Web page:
Developing a screening checklist to identify women with back pain due to potentially undiagnosed fractures
Lead applicant - Dr Emma Clark
Organisation - University of Bristol
Type of grant - Clinical Studies
Status of grant - Active
Amount of the original award - £500,417.59
Start date - 1 January 2018
Reference - 21507
What are the aims of this research?
Osteoporosis is one of the most common musculoskeletal conditions in older women. The aim of this research is to produce and evaluate a simple screening checklist for GPs and other healthcare professionals to complete whenever a woman aged over 65 with back pain seeks healthcare.
Why is this research important?
Osteoporosis can lead to the development of osteoporotic vertebral fractures, meaning a broken bone in the back. Osteoporotic vertebral fractures can only be diagnosed through x-rays. However, at present not enough patients with back pain are being referred for an x-ray by their GP. This means many older women with vertebral fractures may remain undiagnosed, untreated, and therefore at a high risk of future fractures; even though medication is available to reduce their risk of broken bones by half when diagnosed correctly. The development of a simple checklist that can be used by any healthcare professional may help to prevent this.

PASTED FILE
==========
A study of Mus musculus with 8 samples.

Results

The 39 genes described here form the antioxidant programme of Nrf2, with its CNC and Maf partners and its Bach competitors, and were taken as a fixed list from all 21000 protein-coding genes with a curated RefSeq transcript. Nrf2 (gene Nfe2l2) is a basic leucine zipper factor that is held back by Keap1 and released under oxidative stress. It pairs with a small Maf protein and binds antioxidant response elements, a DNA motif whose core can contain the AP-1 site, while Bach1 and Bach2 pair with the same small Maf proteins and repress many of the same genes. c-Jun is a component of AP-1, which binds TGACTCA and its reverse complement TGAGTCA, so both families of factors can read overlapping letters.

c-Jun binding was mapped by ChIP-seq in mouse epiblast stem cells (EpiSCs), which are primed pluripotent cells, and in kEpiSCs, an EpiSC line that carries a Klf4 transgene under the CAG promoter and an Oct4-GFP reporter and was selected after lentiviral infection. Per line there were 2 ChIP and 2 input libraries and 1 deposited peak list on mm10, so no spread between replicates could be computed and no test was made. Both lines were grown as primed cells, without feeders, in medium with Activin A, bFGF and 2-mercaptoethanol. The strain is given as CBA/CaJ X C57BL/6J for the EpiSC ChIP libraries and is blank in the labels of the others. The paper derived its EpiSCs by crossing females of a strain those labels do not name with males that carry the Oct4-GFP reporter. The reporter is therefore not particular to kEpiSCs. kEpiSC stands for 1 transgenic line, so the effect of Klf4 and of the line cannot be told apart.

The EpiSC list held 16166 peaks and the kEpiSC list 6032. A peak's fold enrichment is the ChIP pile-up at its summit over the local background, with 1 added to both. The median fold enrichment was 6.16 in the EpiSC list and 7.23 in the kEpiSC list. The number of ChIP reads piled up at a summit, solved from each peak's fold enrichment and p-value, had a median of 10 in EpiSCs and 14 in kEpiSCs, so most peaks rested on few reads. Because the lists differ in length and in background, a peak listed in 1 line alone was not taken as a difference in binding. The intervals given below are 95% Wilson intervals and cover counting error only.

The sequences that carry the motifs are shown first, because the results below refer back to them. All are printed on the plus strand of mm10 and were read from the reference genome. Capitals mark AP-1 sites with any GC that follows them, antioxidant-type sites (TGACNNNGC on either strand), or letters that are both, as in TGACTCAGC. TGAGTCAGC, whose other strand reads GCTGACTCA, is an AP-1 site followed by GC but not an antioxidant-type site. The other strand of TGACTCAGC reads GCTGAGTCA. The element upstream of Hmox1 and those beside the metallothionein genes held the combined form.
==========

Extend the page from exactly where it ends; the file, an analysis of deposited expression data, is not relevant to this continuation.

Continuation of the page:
This study will consist of two stages. Firstly, the researchers will work with a group of older women who have had back pain in the last four months, asking them questions, and carrying out a physical examination and x-rays. Statistics will be used to identify which questions and parts of the physical examination should go on the checklist. Secondly, they will follow up with this group of women to investigate what happened after the x-ray (for example they might have physiotherapy, or start on a new medication) to see if the checklist is likely to be helpful and save the NHS money in the longer term.
How will the findings benefit patients?
No previous studies, or trials, of checklists to identify people who may have an osteoporotic vertebral fracture have been carried out, apart from this researcher’s previous study. This project will build on their previous work and help develop a checklist that is cost-effective for the NHS to use for all older women presenting with back pain. In the future, it is hoped this tool could be turned into an online tool that could be freely available for anyone to use.